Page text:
Harry Domash's Winning Investing


Low Beta - High Growth

Whether you’re seeking fast growing technology stocks, or beaten down value plays, you could probably improve your investing returns by paying attention to “beta.”

About Beta

Beta measures the historical volatility of a stock (or fund) compared to the overall market, typically the S&P 500. A beta above zero, but less than one, tells you that a stock has historically moved in the same direction as the S&P, but not as much. Stocks with beta equal to one have moved in sync with the S&P, while values above one signals higher volatility.

For example, beta of 2.0 says that a stock has moved twice as much as the S&P both up and down, while a 0.5 beta stock has been half as volatile. Stocks with negative betas have historically moved opposite to the S&P. 

Low Beta Improves Returns

I’ve recently done research using backtesting website Portfolio123 (www.portfolio123.com), that showed that confining your portfolio to low beta (below 1.0) stocks tends to improve the returns of a variety of different stock selection strategies.

With that in mind, I’m going to describe a traditional growth stock screen enhanced with a low-beta component. If you’re not familiar with the terms, growth stocks are those expected to grow earnings faster than the overall economy, and stock screens are programs available on financial websites that allow you to scan the entire market for stocks meeting your specific requirements.

Finding Low Beta - High Growth Stocks

Here’s how to use the free FINVIZ stock screener to set up the screen.

Select Screener from the FINVIZ home page (finfiz.com). FINVIZ’s screener uses filters that you use to identify stocks meeting your selection criteria. On the Filters menu, select “All” to see available filters. Then use the associated dropdown menus to select values for filters that you want to use.

Start by using analysts’ growth forecasts to pinpoint stocks with strong earnings growth expectations. Require “over 10%” for EPS Growth This Year and “over 15%” for EPS Growth Next Year.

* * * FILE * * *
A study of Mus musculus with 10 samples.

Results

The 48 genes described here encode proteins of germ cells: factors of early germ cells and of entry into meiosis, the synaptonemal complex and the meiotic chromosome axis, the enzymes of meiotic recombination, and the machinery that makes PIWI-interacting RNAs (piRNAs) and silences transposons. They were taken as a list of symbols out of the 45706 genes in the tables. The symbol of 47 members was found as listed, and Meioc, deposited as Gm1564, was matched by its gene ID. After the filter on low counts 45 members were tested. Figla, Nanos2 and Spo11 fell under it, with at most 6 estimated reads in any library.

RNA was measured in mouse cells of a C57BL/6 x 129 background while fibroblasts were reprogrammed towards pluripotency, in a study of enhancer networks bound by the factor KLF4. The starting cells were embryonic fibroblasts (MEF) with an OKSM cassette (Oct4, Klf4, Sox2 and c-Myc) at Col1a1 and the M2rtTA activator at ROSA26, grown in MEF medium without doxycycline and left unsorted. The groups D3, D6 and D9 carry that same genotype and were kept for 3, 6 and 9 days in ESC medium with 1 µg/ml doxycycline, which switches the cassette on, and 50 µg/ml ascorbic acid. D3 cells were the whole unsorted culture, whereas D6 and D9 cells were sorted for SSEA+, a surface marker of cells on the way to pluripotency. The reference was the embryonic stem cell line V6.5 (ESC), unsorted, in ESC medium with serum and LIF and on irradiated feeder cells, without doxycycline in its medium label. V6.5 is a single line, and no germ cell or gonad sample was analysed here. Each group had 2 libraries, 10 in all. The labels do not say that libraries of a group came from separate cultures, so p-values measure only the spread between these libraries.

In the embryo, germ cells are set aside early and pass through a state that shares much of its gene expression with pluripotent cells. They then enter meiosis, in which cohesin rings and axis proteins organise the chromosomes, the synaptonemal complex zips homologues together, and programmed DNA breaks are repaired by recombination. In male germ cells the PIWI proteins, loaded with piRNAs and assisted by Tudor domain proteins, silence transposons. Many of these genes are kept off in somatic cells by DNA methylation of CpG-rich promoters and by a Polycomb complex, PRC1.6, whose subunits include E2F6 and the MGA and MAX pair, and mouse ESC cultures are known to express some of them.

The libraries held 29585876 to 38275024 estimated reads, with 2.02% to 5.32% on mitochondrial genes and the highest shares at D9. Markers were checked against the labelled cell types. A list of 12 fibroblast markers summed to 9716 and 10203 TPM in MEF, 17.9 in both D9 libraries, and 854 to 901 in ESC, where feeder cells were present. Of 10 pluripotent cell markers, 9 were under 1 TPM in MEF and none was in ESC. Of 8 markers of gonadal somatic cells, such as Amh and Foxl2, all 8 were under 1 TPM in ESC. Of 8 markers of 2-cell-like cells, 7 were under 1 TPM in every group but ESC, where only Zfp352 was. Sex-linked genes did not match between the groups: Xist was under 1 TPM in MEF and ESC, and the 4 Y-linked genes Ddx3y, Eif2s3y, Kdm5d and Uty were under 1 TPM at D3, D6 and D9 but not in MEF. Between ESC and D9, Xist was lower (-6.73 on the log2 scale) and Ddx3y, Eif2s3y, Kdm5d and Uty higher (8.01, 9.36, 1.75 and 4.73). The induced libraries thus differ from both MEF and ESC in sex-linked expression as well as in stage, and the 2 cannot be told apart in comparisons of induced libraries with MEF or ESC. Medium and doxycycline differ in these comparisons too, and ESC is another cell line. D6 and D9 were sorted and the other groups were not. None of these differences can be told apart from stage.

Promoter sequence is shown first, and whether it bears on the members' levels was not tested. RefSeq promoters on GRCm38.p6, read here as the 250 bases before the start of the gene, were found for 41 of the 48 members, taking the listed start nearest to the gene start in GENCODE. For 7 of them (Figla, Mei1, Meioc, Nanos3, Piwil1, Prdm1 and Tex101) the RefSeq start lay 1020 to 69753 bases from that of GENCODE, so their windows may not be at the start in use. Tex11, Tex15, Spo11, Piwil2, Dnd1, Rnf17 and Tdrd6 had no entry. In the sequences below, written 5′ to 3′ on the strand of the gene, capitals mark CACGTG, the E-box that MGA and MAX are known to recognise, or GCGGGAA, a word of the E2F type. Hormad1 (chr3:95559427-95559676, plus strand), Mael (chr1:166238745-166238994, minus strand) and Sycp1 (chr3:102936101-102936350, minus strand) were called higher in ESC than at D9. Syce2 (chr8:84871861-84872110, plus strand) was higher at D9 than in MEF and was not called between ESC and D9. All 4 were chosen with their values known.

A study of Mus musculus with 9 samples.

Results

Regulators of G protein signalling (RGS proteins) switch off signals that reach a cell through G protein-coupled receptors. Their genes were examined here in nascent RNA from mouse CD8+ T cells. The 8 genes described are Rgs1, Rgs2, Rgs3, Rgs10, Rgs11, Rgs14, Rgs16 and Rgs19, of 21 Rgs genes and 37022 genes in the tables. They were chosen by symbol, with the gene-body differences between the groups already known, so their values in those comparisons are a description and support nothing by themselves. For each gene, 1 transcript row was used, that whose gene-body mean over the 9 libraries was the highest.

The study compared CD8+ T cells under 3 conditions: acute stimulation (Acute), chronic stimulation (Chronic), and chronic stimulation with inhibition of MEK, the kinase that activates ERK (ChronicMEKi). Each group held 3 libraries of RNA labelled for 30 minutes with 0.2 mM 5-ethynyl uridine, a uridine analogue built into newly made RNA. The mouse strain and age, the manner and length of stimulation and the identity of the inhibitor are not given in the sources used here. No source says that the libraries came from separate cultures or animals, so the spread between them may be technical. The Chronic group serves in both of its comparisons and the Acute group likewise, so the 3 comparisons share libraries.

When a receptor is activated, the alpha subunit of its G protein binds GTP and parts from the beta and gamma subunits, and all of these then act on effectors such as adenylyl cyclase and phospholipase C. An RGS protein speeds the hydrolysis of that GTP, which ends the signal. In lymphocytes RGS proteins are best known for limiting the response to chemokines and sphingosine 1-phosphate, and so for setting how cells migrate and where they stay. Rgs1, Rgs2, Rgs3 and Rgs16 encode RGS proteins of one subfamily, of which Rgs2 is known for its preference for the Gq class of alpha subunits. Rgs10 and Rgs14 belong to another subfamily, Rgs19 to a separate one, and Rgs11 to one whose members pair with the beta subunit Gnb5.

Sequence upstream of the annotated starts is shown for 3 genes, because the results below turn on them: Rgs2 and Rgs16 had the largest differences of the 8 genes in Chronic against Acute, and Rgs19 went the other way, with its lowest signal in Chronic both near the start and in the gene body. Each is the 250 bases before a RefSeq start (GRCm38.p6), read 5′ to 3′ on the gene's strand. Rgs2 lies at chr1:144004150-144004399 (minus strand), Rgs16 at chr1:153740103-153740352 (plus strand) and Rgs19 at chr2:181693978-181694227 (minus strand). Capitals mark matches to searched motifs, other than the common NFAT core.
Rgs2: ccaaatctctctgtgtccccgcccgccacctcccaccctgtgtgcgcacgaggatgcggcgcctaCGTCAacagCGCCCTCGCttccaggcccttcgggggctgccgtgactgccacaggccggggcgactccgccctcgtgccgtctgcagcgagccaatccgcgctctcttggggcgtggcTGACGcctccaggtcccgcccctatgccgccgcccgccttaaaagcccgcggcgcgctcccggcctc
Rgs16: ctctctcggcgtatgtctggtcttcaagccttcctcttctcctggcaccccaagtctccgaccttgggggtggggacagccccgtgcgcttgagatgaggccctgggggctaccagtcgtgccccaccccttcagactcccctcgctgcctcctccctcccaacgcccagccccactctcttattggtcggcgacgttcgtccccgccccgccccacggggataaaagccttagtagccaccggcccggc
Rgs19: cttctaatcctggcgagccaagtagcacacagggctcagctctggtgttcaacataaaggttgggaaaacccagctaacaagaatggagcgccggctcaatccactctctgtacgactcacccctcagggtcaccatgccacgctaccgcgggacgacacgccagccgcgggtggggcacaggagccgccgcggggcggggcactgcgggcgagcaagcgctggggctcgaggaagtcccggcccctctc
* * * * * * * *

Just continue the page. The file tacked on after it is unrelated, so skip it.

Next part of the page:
You’ll always do best by limiting your list to profitable firms, so require “Over +5%” for Return on Equity, which is a widely used profitability measure.

Next, follow the smart money by requiring that institutions (mutual funds, large banks, etc.) already support the stock by holding large positions, and are still adding to those positions. Require “Over 40%” Institutional Ownership, which is the percentage of shares held by the big players and “Positive” for Institutional Transactions which means they have recently added to positions.

Since the lower the share price, the higher the risk, minimize risk by selecting “Over $15” for Price.

Finally, use the Beta filter and select “under 0.5,” which limits your list to the lowest beta stocks.

Five Low-Beta Growth Stocks

My screen turned up five stocks: soft drink bottler Coca-Cola Bottling (COKE), software maker Ellie Mae (ELLI), Home Street (HMST), a savings and loan, restaurant operator Popeyes Louisiana Kitchen (PLKI) and footwear maker Skechers U.S.A (SKX). Here's a link to the screen so you can see which stocks it's turning up today.

As always, consider the results of any screen to be research candidates, not a buy list. The more you know about your stocks, the better your returns. Plan on holding any stocks that you buy for at least six months.